Restoring Great Lakes Waterways Will Boost Property Values

A recent study finds that cleaning up the heavily polluted Buffalo River would dramatically improve property values in neighborhoods like the Old First Ward, which sits directly behind this industrial facility.

Real estate typically gets more expensive the closer you get to the waterfront. But that is not always the case in grey and gritty Buffalo, the second-largest city in the state of New York, situated along the rocky shores of Lake Erie. In neighborhoods like the Old First Ward, located beside the Buffalo River, property actually depreciates due to extensive pollution buried beneath the waterway, according to a study recently released by a group of local officials, economists, and scientists.That’s the bad news for this de-industrializing city trying to kick its Rust Belt image.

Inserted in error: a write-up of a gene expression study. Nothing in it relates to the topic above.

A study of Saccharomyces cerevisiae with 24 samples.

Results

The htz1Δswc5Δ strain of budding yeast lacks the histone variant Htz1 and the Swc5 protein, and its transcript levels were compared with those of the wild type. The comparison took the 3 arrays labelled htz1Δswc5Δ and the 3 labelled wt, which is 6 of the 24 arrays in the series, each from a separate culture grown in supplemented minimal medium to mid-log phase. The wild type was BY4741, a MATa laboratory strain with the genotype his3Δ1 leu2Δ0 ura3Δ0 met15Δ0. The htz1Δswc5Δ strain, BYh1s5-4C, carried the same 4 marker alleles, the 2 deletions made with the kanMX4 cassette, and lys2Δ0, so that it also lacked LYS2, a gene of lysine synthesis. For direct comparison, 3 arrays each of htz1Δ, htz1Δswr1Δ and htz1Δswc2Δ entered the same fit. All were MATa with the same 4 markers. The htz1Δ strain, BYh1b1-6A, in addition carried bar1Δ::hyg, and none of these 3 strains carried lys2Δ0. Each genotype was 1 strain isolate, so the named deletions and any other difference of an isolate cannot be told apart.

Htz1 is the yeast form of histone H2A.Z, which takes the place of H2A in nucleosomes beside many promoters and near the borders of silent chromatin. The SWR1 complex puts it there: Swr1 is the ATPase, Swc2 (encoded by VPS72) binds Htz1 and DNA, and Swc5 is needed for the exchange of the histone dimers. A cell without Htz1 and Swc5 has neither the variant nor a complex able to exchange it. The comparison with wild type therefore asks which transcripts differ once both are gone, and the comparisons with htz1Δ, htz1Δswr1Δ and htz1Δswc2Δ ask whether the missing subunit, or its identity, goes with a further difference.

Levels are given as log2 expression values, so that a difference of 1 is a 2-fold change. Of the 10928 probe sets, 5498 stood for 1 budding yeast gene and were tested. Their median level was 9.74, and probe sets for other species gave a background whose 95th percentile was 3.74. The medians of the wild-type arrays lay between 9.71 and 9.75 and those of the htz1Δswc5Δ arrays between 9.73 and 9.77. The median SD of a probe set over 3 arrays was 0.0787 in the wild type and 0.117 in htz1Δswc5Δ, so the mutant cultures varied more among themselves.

The good news is that the study, which was funded by the U.S. Environmental Protection Agency, also found that prospective homebuyers would be willing to pay 15 percent more for homes near the Buffalo River if the contamination was eliminated. That could trigger as much as an additional $543 million in taxable value for the properties near the degraded river in downtown Buffalo.

Comparable studies of property values beside the Sheboygan River in Wisconsin and Waukegan Harbor in Illinois have returned similar results, reinforcing the idea that an investment in Great Lakes restoration will lead to significant and long-lasting economic returns.

An abandoned factory beside the Buffalo River is contributing to a degraded quality of life, depressed property values, and poor environmental conditions in downtown Buffalo.